Alright, attached are 4 pictures.
One picture shows how the hammer and sear align when the hammer is in battery/resting/unable to shoot.
Picture two shows the hammer as the slide pushes it back, the hammer pivots on its post and engages that first tooth. This is the half cocked position.
Picture three shows the hammer in its fully cocked position. The slide has pushed the hammer down and it has engaged.
Now, my problem was, that as the slide came back and pushed the hammer down it easily cleared the half cock tooth.
It did not always make it to the fully cocked tooth and the hammer would be stuck between the half cock and full cock tooth and the blowback housing would get caught on the hammer (obviously).
So, by pushing the hammer down manually and noticing the LARGE gap between the blowback housing and the hammer when the hammer was engaged properly with the full cock tooth, i decided that if i filed the full cock tooth shorter. (picture 4)
this gets hard to explain --- ok so by filing the full cock tooth shorter, it allowed the hammer to be pushed down by the slide and engage the tooth sooner. However, by doing this it also decreases the distance between the blowback housing and the top of the hammer ( remember my hammer and blockback housing had a big gap)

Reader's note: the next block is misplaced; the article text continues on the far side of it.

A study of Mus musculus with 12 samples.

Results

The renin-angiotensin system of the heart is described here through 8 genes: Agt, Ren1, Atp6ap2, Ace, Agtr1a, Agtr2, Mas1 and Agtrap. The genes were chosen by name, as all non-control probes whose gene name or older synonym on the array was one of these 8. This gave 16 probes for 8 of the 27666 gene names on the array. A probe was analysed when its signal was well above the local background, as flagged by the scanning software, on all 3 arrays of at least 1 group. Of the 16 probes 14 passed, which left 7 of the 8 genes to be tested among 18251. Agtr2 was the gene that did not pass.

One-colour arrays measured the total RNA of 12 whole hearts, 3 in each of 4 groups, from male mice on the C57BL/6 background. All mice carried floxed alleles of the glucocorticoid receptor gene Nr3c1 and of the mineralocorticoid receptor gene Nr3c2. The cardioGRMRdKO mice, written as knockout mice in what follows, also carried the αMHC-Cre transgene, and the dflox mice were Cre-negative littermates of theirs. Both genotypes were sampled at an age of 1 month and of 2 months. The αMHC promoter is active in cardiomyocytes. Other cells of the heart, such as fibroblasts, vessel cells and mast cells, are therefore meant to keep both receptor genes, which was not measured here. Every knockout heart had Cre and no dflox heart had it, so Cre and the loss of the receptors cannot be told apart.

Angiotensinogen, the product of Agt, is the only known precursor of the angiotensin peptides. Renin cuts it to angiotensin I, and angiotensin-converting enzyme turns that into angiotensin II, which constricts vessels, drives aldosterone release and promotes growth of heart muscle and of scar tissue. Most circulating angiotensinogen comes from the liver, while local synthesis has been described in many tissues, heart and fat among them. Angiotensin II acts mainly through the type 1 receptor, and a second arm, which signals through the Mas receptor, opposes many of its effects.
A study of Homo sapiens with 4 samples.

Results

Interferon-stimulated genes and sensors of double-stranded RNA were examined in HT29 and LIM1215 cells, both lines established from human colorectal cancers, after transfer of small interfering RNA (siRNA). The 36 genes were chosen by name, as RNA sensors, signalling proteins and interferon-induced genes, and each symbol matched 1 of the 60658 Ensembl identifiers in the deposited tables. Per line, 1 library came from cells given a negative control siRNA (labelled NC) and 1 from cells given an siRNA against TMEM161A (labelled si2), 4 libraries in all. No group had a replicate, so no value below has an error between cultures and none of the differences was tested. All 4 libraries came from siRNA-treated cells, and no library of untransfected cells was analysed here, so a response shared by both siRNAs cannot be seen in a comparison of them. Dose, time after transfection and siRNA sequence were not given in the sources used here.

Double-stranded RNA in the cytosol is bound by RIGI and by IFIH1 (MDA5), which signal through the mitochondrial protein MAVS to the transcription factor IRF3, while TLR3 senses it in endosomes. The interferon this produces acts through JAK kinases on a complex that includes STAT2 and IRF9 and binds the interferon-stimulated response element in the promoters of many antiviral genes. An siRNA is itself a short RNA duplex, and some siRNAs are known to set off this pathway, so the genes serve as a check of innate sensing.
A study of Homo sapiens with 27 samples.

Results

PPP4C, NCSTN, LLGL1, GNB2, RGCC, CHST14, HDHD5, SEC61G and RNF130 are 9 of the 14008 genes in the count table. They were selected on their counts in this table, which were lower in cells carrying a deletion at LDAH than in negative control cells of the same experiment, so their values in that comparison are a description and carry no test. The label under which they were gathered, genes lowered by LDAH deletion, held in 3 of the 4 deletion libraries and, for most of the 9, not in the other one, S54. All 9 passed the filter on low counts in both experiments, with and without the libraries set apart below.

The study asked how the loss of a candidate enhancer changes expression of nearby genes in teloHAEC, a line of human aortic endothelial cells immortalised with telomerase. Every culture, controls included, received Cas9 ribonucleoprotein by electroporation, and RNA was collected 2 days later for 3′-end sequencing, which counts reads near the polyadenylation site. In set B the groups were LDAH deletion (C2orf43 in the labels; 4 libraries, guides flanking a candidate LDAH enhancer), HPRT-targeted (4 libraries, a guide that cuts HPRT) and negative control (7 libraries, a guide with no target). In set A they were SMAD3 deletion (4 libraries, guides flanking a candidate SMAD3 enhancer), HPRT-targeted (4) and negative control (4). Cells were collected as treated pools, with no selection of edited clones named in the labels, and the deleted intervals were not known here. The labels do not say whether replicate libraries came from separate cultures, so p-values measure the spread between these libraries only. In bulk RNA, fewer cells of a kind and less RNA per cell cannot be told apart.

Now, the slide cycles, the hammer gets pushed down and perfectly engages the full cock tooth.
As far as i can tell, your sear is engaging the full cock tooth perfectly fine and still hitting the blowback housing?
The only thing I could think to solve that problem is basically the reverse of what i did... You need MORE material in the teeth and sear to hold the hammer lower.
It is a common problem with stock... i say common... it has happened to me... with stock marui internals because they are not steel.. after time the repeated catching and releasing deforms the sear and hammer teeth causing the hammer to sit higher and higher (Even though its fully engaged) this will lead to jamming on the blowback housing.
New internals should fix this because they will 'replace' the worn out materials but then you can always run into problems like what i just described...
Basically it comes down to knowing what youre looking for. I understand that there are no gun docs around and youre kind of on your own. Just do your research and take your time.
Lazouche custom shop - youtube - has made many videos about 1911 platforms and it is a great wealth of information. It is possible that in one of his videos you might be able to find the info you are looking for.